Nine Hours Hotel – A Modern Capsule Hotel in Kyoto

This futuristic capsule hotel can be found in Kyoto, Japan. Called the Nine Hours hotel, it features state-of-the-art sleeping pods that are available for nine hours. The design of the minimalist hotel was led by Masaaki Hiromura and Takaaki Nakamura of Design Studio S.


Kyoto 9 Hours Hotel - Humble Homes

Capsule hotels are neither new nor a novelty in Japan, they’ve been around since the 70’s, providing late-night workers or people that have missed the last train a source of accommodation for the night. In the past capsule hotels received a name for acting as a refuge for drunks. Nine Hours hotel seeks to change that perception with its sleek, modern interior. It’s also located in the city’s geisha Gion district, making it a popular choice among tourists seeking the sleeping-pod experience.


Kyoto 9 Hours Hotel - Humble Homes

The hotel provides its guests with a 9 hour stay – one hour to get ready for bed, seven hours of sleep and another hour in the morning to get up before checking out. The hotel has a total of seven floors with separate floors and elevators for men and women.


Kyoto 9 Hours Hotel - Humble Homes

The pods include a special Panasonic system that’s designed to help guests fall into a relaxing sleep, only to wake at a set time by mood lighting. There are also lockers for items of clothing and accessories, and a communal shower area. Guests are also able to book extended stays; a 24-hour visit costs $49.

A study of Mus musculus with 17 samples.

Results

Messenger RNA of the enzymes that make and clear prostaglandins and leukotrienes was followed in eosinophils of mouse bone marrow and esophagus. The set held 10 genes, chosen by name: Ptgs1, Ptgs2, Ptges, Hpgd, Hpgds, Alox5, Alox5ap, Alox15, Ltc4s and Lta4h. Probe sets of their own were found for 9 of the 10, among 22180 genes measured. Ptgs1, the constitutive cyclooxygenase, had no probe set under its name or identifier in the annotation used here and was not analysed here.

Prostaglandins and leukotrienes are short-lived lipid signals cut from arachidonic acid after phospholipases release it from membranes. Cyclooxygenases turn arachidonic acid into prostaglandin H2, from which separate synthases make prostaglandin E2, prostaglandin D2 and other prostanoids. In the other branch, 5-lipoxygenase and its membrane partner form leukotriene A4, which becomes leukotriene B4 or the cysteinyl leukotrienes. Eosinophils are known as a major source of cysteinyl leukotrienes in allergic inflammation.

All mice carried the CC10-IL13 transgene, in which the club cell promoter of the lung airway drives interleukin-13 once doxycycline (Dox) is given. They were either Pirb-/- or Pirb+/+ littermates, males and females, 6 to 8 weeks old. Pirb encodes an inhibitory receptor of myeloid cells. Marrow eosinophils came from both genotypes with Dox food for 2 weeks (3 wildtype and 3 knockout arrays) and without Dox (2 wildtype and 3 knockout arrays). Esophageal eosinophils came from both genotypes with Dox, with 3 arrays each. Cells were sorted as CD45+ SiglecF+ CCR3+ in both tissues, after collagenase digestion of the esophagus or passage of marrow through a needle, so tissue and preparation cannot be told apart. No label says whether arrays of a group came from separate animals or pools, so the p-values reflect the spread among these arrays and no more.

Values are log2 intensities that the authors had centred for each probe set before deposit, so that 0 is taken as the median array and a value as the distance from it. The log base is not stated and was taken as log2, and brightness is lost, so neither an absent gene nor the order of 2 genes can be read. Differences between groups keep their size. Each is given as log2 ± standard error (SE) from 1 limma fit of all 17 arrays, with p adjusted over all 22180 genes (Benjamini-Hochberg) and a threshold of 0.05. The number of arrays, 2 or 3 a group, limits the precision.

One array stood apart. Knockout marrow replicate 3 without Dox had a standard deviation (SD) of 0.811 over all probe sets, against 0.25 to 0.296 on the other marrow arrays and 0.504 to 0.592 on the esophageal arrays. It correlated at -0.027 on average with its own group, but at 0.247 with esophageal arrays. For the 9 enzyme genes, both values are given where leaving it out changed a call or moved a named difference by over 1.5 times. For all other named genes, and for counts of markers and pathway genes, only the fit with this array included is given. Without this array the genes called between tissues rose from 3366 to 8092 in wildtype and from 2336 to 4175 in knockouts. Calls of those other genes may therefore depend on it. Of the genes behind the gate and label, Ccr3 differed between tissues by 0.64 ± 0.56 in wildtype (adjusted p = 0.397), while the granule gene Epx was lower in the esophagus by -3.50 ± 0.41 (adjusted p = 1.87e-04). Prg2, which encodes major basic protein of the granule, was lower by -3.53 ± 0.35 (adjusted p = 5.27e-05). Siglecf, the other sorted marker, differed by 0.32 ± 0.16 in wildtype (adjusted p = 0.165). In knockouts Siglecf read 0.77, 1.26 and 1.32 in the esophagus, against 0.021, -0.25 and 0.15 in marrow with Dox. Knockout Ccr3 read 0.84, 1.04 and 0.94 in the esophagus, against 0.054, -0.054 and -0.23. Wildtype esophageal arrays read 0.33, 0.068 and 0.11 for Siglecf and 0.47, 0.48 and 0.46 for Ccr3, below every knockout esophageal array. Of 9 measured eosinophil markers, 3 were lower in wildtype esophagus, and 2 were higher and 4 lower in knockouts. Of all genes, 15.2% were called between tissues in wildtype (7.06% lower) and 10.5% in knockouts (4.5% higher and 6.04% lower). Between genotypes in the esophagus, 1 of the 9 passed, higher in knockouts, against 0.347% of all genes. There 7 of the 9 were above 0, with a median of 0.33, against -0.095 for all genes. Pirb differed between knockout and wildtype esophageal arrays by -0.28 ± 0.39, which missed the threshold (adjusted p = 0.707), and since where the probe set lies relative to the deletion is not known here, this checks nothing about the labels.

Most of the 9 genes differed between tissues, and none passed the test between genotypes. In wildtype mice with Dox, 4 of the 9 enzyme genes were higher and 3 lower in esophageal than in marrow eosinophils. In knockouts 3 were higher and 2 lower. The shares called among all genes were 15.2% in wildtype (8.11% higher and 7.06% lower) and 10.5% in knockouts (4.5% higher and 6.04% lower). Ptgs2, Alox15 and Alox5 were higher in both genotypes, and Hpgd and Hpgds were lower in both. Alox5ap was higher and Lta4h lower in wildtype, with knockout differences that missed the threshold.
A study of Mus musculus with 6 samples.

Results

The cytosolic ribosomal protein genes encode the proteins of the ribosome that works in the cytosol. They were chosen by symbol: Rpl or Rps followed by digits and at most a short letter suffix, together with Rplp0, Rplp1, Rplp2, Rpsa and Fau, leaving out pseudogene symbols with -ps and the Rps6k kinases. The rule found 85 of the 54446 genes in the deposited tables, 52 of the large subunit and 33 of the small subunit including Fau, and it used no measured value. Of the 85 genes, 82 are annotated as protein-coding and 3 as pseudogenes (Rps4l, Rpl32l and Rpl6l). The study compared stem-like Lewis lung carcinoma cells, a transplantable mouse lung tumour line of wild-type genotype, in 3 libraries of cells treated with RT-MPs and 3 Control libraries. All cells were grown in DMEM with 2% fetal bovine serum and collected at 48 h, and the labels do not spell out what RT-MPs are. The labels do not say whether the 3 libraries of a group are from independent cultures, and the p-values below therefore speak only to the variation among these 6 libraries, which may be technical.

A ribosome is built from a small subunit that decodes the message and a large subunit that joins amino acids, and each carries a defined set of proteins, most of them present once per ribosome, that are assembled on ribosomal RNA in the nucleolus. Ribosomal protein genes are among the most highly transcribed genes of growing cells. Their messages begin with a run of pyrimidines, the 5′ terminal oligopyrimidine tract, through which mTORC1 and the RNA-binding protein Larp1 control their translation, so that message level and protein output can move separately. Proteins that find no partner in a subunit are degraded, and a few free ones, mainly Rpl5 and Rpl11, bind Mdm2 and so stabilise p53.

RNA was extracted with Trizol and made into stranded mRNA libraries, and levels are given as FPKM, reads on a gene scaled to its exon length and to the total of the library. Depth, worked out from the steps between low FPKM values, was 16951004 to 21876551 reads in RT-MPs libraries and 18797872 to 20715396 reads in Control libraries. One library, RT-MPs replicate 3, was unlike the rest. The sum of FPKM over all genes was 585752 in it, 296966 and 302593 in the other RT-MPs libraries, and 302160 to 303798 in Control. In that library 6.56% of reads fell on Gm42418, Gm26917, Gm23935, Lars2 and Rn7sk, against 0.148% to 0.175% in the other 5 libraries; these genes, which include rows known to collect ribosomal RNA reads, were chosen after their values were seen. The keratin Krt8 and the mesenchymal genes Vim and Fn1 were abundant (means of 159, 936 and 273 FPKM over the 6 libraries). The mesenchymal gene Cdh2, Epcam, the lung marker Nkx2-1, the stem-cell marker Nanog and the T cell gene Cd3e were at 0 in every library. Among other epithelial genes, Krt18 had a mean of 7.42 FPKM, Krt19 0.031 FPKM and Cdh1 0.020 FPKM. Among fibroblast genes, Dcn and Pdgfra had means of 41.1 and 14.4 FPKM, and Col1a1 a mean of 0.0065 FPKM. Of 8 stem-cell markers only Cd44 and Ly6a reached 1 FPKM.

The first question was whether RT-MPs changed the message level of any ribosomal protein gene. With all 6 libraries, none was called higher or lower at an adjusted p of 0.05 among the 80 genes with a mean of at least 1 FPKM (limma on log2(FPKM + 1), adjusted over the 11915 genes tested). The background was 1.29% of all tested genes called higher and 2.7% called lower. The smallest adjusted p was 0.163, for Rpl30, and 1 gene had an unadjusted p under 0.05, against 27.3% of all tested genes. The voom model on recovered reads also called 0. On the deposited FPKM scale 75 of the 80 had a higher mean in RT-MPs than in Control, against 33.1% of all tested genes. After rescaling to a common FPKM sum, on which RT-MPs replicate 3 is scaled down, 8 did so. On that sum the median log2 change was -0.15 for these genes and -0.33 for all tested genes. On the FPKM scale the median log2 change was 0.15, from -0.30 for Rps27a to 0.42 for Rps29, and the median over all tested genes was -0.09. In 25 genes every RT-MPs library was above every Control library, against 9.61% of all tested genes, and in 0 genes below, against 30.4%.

Kyoto 9 Hours Hotel - Humble Homes

Would you be able to spend a night in these coffin-sized pods, or is it a downsize too far?

For more spaces check out Sleepbox, a mobile hotel room designed by the Russian architecture studio, Arch Group. Or this elegant little getaway simply called “The Hut” by Japanese architects, Koji Kakiuchi/Yaomitsu. See all spaces.

Via Inhabitat
Photos: Akihiro Yoshida

Niall Burke

Structural engineer by day, tiny house designer by night. Niall has a keen interest in small spaces, green design, and sustainability. He started developing Humble Homes while studying for his masters degree in engineering. He is the founder and managing editor of Humble Homes.